Scammers are still doing the rounds of South Canterbury, as one woman has discovered the hard way.
The woman, who declined to be named, bought a range of second-hand household items, including furniture, spending $600 all up.
She made the purchase via a buy-sell social media site, making the payment to the person’s account.
However, as time went on, the person, who said she was selling on behalf of someone else, made excuses as to why more money was needed, including transport costs because the items were stored in Dunedin.
The purchaser paid the extra money.
“There was all this pressure and at that point I should have known.”
However, the seller was a close associate of hers and, knowing that, she never believed the person would rip her off.
She paid the extra money, but the items never turned up.
“I even rang this person and spoke to them on the phone for 15 minutes.”
Another “big story” followed about how the seller needed more money for petrol.
“I said, ‘How about I give you the cash, but I would like to meet with you’.
“I said, ‘I’m not giving you any more money’.
“I had given her $700 at that point.”
The purchaser said although the woman was selling on behalf of a friend, the bank account she was insisting the money went into was her own.
“I was stupid but I trusted her because I knew her”.
After confronting the dealer, $600 was paid back, leaving the would be buyer $100 out of pocket.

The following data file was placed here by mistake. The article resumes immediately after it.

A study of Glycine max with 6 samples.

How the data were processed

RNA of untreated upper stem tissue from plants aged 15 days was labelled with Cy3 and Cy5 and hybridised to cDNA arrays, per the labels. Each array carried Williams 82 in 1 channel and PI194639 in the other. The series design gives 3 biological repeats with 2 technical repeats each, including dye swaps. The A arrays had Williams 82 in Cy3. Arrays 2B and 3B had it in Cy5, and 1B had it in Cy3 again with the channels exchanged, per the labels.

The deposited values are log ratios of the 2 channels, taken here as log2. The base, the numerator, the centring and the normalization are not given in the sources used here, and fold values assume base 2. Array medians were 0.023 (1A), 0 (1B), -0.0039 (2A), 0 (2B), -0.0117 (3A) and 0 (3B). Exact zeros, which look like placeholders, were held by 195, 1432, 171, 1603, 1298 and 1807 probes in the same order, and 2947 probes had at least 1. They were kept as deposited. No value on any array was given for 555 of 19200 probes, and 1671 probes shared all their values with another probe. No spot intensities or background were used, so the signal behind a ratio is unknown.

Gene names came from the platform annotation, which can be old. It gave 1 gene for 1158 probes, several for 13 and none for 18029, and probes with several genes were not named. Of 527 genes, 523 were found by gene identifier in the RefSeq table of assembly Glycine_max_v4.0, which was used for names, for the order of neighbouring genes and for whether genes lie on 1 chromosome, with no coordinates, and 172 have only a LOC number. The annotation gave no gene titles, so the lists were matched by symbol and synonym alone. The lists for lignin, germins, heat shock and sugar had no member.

She said she did not report the matter to the police, but was going to if the money was not paid back.
In future, the purchaser plans to stick to “old school values” and not trust anyone.
Depositing money into someone’s bank account will no longer be the way she goes about making a purchase.
“It’s not worth the risk,” she said.
She warned others considering a purchase online to visit the seller with a deposit if required.
Senior Sergeant Dylan Murray, of Timaru, said some large social media sites had few local controls or investigation teams to assist police when a crime was reported.
However, that was not to say people should not report online thefts to police.
“We will do our best to hold these criminals responsible and prevent other people from becoming their victims.”
He said the problem of scams was not new in the area.
“This problem has been an issue for a couple of years, but I wouldn’t say it is necessarily increasing.”